Quavon and Torrey were transported to Jackson, but they did not sustain any life-threatening injuries. Evans was pronounced dead at the scene.

"To know that someone will pull a gun and shoot somebody just for looking at them funny is horrible," his mom says. "Even though we were around it every day, I never thought gun violence would destroy my family."

The Big Picture

Suleiman Yousef purchased his first AR-15-style rifle in 2006, two years after the federal assault rifle ban expired.
Giulio Sciorio
Suleiman Yousef purchased his first AR-15-style rifle in 2006, two years after the federal assault rifle ban expired.
Jorge Corbato has been making rifles in Miami for almost a decade.
Francisco Alvarado
Jorge Corbato has been making rifles in Miami for almost a decade.

On the one-month anniversary of the Newtown tragedy, Miami Mayor Tomás Regalado broke ranks with the Republican Party to join Mayors Against Illegal Guns. Flanked by Carol Gardner, whose son was killed with an AK-47 in Liberty City last April, Regalado stood on the front steps of Miami City Hall to announce a new campaign against gun violence.

"I believe that it is important that we send this message," Regalado said.

The mayor's move is just one of dozens at the local, state, and federal levels seeking to curb Florida's lucrative, fascinating, and deadly love affair with firearms. But despite rising public support — 51 percent polled by CNN last month favor tighter controls — and a big push from President Obama, it looks increasingly probable that the status quo will remain.

The same day Feinstein presented her new assault weapons ban bill, CBS News reported she doesn't have the 60 votes from her colleagues to get it passed in the Democrat-controlled Senate. Even Democratic senators who crafted the 1994 ban, including Patrick Leahy of Vermont and Max Baucus of Montana, won't get behind her. In the GOP-dominated House, passage is even less likely.

There is a push on the state level in Florida to change gun laws, including a bill sponsored by Tallahassee Democratic Rep. Alan B. Williams to repeal Florida's Stand Your Ground law. But Florida's capitol remains dominated by the GOP, which is unlikely to back any reforms.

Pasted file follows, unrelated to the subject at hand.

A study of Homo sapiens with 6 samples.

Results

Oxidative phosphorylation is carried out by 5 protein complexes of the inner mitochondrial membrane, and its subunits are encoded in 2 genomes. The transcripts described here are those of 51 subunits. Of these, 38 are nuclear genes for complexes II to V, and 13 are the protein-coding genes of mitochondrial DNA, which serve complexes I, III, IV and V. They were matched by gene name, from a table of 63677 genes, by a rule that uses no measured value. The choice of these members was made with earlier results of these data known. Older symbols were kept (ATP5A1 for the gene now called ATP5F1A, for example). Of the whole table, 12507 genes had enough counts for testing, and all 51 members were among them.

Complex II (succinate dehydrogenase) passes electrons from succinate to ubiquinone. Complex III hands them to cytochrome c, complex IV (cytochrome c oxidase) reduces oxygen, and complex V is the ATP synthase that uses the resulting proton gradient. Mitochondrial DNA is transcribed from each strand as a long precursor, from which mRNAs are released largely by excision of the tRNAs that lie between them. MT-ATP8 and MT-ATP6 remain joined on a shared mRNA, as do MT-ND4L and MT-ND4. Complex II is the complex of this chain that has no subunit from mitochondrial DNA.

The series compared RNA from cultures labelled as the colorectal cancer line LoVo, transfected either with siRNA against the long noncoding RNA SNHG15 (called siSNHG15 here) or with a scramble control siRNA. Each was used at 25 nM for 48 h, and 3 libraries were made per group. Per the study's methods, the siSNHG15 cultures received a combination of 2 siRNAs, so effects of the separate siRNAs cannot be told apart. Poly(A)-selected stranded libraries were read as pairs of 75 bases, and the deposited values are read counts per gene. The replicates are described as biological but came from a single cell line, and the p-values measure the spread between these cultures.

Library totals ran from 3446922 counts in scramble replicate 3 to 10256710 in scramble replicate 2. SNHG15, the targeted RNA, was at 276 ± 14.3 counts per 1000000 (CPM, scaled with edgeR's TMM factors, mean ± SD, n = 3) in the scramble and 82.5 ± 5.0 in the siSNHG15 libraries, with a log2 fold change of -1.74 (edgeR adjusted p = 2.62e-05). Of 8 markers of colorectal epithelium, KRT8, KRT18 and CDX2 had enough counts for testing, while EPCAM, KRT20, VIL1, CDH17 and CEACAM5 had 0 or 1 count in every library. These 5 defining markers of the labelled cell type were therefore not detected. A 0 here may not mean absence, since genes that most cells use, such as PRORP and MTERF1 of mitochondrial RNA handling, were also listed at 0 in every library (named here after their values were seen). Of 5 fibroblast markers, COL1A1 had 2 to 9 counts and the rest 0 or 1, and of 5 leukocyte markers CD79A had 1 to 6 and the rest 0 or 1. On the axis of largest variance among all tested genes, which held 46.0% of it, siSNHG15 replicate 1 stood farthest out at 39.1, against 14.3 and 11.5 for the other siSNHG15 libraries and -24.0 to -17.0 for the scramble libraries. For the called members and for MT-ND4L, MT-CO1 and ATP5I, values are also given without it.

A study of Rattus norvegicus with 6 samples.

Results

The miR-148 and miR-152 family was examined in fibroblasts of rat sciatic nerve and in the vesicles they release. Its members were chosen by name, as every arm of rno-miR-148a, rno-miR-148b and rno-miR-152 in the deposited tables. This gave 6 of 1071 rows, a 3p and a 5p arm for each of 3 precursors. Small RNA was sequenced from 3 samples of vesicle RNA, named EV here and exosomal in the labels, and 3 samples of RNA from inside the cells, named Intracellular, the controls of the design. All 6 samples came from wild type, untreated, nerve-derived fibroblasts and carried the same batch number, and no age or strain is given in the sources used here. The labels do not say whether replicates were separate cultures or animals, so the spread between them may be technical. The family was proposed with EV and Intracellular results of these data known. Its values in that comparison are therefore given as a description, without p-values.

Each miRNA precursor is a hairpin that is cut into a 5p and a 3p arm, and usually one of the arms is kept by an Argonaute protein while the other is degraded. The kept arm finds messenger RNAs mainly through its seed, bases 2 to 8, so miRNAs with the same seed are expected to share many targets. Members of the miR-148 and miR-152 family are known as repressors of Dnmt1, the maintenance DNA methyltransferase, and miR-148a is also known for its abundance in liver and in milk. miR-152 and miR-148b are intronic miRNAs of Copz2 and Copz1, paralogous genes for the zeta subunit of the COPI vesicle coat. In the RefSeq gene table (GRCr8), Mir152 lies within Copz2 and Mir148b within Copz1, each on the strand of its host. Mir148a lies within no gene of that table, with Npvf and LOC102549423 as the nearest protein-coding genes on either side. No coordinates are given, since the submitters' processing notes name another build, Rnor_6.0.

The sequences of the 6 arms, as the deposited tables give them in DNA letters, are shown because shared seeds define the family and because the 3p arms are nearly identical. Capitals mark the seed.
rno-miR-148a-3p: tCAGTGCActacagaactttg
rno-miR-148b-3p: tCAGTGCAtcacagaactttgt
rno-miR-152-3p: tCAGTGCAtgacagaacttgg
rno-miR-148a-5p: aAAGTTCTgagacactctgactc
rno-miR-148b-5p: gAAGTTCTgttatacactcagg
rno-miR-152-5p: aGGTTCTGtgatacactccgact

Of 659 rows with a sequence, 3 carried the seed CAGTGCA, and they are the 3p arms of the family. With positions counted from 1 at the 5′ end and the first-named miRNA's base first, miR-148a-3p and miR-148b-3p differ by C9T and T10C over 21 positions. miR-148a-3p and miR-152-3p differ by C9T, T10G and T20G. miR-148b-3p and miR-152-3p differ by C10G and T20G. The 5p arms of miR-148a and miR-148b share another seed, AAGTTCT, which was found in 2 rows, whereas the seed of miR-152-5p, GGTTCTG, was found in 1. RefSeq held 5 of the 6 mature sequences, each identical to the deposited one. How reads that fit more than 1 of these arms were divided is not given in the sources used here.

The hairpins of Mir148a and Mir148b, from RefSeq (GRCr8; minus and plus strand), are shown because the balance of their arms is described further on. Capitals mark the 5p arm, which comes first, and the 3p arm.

"Of course I support the ban, but the NRA is so powerful I don't believe it will pass," Spence-Jones says of the federal proposal, which won the support of the Miami City Commission in a recent resolution.

Local leaders have taken a few substantive steps since Sandy Hook. The Miami Police Department operates one of the nation's most aggressive gun buyback programs, in which the city exchanges Miami Heat tickets and supermarket vouchers for firearms. During two gun buybacks conducted in January, the city collected 209 guns, including two AK-47s and a Ruger Mini-14 sniper rifle.

And surprisingly, even many gun advocates — such as Corbato and Yousef — agree that some gun control measures make sense.

"I do believe we should have universal background checks," Corbato says. "You should not be able to meet a buyer in a Denny's parking lot and sell him a gun without knowing who he is. I think a large percentage of gun crimes are a result of sales like that."

Adds Yousef: "The national registry and universal background checks don't bother me, but everything else does."

Gwendolyn Evans, though, is not so sure tighter controls on firearms will prevent guns from falling into the hands of thugs. "Knowing the streets, I guarantee criminals will find a way around it," she says.

No gun ban or universal background check will bring justice for her slain son. Miami police still don't have any leads on who killed Ladarius. Bivins is still awaiting trial for the first attempt on his life.

"Every day, I feel something is missing in my life," Gwendolyn says. "My family has been broken and torn apart."


Nice biased hit piece. While you mention percentages of homicides committed with guns locally, rather than compare that to national statistics to see if that's unusual (i.e., rather than act with some journalistic integrity) you instead simply imply, without presenting any evidence, that this is unusually high and is so due to Florida's gun laws. Oddly enough though, when one actually does the journalistically responsible thing and looks at national figures and those from other states (like Illinois, with some of the strictest gun laws, and highest gun crime rates), South Florida, if anything, has a LOWER ratio of gun deaths to total homicides.

And despite your blatant attempt to tie all this to so-called "assault weapons", you never mention the fact that virtually none of these deaths ever involve such firearms. However, just as everywhere else in the US, such firearms are used in fewer than 1/2 of 1% of homicides (and virtually never in suicides). In fact, the only specific study done in the state on the subject, carried out by the city of Miami, one of the most anti-gun city governments in the state, found that so-called "assault weapons" are the LEAST often used type of gun in any form of crime within the city, despite the fact that, as you point out, they are one of the most commonly owned.

But hey, what are facts and verifiable statistics compared to bigotry and unsupported innuendo, right?


Spence-Jones  said 2 words..   No Snitching! 

icculus17 topcommenter

jobs? sounds like a one-man operation


My question is, which of the proposed laws, will stop a sandy hook, or denver type attack?   (today). or even the AZ Gifford's attack?   

background checks make sense.  but limiting the number of bullets?  

would stiffer sentences have the same effect?  -felons caught with guns get 20-30 years.


Ruger Mini-14 sniper rifle.  - that is an oxymoron.  mini14's are not that accurate.